New Releases From All That Dust

Source: all that dust.

Aaron Einbond ‘Cosmologies’ (CD and downloads), performed by Séverine Ballon, Alvise Sinivia & Riot Ensemble
What may seem like conventional objects and situations are turned inside out in Einbond’s Xylography and Cosmologies. Closely and ambiently miked, physically and electronically manipulated, from these instruments issue the sound of their materials and of their human music-makers. Listeners feel as up-close as the players, and perhaps even closer, as if they are virtually inside the instruments.

Rósa Lind ‘Kandinksy Kunstwerke’ (CD and downloads), performed by Geoffrey Gartner, Laura Chislett & Mark Knoop
This album features three works from a four-work cycle, each of which has as its starting point a canvas by Wassily Kandinsky and travels on to reflect and refract mythological and scientific views of astronomical phenomena. The common thread is one of perspective: Lind observes a similarity in ‘the way the eye approaches either Kandinsky’s painting or scans the vastness of the sky in search of stellar focal points of light in the black sea of night’.

Soosan Lolavar ‘Every strand of thread and rope’ (binaural download), performed by Sarah Saviet
‘Music in one place.’ Lolavar’s description of how she thinks of this series of pieces at first seems counterintuitive. The musicians involved are based in different cities (Lolavar in London, violinist Sarah Saviet in Berlin) and their creative process draws together practices from Iran and Europe. Yet this is music about shared experience; of creating a particular sound-world together.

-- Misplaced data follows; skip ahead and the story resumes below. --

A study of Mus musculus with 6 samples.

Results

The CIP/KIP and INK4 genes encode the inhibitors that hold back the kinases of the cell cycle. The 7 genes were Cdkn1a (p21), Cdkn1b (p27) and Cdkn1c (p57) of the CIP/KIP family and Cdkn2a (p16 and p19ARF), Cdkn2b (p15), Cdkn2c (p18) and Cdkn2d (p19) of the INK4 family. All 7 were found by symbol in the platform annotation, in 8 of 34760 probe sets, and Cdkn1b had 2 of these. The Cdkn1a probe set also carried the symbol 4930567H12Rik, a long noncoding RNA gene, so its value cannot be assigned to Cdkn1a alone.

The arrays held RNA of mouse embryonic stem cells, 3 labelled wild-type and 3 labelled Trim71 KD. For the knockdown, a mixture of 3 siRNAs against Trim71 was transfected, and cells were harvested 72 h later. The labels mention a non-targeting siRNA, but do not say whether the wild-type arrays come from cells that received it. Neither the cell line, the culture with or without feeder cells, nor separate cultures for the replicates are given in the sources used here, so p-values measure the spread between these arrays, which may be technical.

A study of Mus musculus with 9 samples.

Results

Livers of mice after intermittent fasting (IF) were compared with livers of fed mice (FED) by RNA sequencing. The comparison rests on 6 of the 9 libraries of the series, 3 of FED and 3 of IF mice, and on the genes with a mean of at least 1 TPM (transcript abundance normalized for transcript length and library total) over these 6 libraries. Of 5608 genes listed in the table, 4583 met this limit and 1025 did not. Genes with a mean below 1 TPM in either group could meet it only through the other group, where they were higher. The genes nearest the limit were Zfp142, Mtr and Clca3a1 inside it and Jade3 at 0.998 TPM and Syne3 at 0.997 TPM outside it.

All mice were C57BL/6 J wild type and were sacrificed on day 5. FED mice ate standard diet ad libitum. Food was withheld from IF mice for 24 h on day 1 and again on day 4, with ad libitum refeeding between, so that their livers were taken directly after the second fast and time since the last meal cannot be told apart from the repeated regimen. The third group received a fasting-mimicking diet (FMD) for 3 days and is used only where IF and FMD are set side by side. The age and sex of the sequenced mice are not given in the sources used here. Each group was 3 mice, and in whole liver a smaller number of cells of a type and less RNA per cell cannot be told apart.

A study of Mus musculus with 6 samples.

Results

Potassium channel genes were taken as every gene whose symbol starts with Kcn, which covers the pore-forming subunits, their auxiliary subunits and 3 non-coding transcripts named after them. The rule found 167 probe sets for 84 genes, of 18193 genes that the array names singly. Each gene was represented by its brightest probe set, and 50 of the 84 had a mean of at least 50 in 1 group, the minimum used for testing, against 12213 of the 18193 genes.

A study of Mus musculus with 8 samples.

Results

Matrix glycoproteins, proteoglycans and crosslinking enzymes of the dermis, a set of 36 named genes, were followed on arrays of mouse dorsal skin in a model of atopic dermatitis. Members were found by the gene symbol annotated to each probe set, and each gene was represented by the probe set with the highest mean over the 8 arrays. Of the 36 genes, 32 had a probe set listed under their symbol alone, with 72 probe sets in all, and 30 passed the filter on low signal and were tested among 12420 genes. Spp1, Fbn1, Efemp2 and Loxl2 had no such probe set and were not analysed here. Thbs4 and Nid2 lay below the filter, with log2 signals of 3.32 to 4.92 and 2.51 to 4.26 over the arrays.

Alvin Lucier ‘Wave Songs’ (binaural download), performed by Juliet Fraser
The potential for disorientation is enormous, as the sensation of the air throbbing (whether in the room or in the ear) overwhelms the sense of stable pitch. The microtonal tuning here is no melodic affect but, rather, an exercise in a scientific phenomenon. Through the course of Wave Songs the pitches of the sine tones move ever closer together, seemingly hemming the singer in until she changes the rules of the game.

Newton Armstrong ‘The Book of the Sediments’ (binaural download), performed by Juliet Fraser
Armstrong uses Rachel Carson’s imagery as a prompt to contemplate ‘the interactions between the momentary and the vast, and of endless process as a form of saying’. Performer and listener are invited into this contemplative state in which musical materials, like the ocean sediments, drift in semi-regular motion.